Levi’s Switching To AI Models For Diversity Increase

Levi's is using AI-created models moving forward to easily include diverse models of different sizes, shapes, and skin tones instead of relying on just one human model for new products.

By Chris Snellgrove | Updated

At first glance, the idea of a clothing company like Levi’s partnering with an AI studio like Lalaland.ai sounds like the setup to a joke (or at the very least, the plot of a sequel to the horror movie about jeans, Slaxx). However, PetaPixel reports that Levi Strauss & Co has partnered with that particular studio in order to generate AI models to help showcase different kinds of available fashion. The veteran fashion company insists that this partnership will help them achieve a better diversity of fashion models than they could achieve simply by using human models.

While it’s still a weird idea to think about, Levi’s using AI to generate new models makes a lot of sense because it helps to save the company both time and money. Previously, Levi’s has typically used only one human model to help show off a particular item (such as a new pair of jeans). But they realize that consumers want to see models who look more like themselves, and the current approach of only having one model per product gets in the way of that.

In the eyes of Levi’s executives, this is a problem that AI is uniquely suited to solve. If all goes according to plan, the fashion company can stick to using one human model per product. But with the power of AI, they will be able to generate models with different features, bodily proportions, and so on. It’s the corporate dream come true: the ability to reach as many kinds of people as you can think of, all while paying only a fraction of what they’d have to pay to do this by using human models.

Models on the runway before AI takes their jobs

Of course, this has led to some inevitable criticism that Levi’s, like many other companies, wants to use AI to essentially take jobs from the humans who would normally perform them. The company insists this is not the case and will continue to hire human models and attempt to improve its diversity. But they point out that since diversity, equity, and inclusion are their primary focus, they are obligated to embrace a technological solution that will help them achieve those goals (although a world where the AI models potentially outnumber human models doesn’t sound that diverse).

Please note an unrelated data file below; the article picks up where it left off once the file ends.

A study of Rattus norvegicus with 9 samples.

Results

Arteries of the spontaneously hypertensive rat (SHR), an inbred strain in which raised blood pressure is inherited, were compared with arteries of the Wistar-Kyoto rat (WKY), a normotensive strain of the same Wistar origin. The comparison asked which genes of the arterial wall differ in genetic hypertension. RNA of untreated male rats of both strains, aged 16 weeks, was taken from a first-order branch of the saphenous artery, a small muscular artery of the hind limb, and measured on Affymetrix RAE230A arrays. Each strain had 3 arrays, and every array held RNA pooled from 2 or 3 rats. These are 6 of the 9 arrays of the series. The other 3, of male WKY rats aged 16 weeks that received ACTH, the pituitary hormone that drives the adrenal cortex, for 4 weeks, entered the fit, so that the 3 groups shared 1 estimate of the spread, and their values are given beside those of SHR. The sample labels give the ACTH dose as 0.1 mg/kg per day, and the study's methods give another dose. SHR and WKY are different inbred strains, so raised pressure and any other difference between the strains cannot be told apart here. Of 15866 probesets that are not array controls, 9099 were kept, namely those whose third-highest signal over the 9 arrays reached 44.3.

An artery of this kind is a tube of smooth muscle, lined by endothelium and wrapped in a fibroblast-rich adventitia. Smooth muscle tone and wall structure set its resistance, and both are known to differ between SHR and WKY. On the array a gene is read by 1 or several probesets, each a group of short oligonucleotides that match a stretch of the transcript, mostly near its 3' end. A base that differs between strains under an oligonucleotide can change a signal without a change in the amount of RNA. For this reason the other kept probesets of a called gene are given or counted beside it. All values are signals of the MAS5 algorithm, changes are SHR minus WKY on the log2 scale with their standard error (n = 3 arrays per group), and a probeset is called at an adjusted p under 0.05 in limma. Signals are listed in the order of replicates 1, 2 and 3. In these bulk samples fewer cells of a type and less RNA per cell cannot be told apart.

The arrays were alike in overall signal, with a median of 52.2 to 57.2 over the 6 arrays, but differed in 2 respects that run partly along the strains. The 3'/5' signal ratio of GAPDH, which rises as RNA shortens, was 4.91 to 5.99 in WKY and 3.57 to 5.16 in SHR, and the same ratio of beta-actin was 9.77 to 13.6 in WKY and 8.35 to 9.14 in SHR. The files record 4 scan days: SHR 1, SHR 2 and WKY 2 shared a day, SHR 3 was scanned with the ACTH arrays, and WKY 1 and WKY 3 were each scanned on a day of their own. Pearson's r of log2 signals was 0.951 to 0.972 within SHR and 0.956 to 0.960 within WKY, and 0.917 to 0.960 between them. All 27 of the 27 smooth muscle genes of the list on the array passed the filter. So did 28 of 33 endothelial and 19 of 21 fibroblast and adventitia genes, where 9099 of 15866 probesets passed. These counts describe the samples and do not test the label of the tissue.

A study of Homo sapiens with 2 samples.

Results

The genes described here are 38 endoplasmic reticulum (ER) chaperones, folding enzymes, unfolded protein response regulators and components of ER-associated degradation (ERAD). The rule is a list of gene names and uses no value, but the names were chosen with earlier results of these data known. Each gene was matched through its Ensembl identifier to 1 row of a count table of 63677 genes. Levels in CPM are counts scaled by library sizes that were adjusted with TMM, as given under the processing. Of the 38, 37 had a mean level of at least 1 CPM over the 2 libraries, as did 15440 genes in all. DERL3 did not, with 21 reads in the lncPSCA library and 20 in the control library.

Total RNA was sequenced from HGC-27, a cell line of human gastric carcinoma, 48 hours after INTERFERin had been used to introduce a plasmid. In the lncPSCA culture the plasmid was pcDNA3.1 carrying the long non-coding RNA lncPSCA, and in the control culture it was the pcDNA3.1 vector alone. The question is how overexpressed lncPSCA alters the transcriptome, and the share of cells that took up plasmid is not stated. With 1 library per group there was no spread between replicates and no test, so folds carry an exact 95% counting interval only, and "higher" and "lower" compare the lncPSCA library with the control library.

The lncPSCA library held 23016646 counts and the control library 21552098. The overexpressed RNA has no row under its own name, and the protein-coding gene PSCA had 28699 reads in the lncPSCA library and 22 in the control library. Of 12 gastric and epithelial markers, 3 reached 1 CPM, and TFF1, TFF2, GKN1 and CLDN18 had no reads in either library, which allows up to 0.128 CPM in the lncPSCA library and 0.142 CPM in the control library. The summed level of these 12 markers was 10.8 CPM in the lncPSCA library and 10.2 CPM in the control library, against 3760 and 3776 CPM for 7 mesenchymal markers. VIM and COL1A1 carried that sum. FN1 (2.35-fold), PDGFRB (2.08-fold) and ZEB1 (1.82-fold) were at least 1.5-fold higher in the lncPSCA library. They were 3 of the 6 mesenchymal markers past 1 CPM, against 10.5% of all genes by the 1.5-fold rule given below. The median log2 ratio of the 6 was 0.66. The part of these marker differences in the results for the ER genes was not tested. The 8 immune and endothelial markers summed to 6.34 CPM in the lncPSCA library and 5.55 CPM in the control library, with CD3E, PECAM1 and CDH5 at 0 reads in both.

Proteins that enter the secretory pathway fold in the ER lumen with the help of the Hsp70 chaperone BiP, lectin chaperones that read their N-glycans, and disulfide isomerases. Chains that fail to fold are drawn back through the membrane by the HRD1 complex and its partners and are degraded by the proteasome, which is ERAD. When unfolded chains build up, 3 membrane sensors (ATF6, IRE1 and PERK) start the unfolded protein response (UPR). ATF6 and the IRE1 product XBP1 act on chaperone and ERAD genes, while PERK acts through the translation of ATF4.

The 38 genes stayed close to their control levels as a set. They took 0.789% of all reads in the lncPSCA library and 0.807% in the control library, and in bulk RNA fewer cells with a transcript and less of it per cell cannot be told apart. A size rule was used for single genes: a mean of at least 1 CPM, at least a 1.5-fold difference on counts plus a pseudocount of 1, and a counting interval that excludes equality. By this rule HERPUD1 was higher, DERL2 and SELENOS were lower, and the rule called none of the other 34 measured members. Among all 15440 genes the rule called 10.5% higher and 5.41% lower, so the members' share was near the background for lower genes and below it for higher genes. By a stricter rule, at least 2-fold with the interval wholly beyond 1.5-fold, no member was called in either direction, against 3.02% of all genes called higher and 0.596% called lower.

And while Levi’s also insists that their use of AI will be better for consumers, many consumers are concerned (and rightfully so) by the fact that AI art has previously been very hit or miss. It’s not uncommon for AI-generated humans to have extra fingers, extra teeth, and other creepy features that move those images into the uncanny valley. If Levi’s unleashes a bunch of AI models straight out of a horror movie on us, it may drive consumers away.

Still, Levi’s embracing AI is just another example that the cat is firmly out of the bag with artificial intelligence, and it’s never going back in. We live in a world where the WGA, for example, is fine with writers just letting the AI write scripts for them (so much for human creativity). And in a world where AI chatbots tell breathless and lonely fans exactly what they want to hear, can we really be surprised when AI starts telling us what to wear?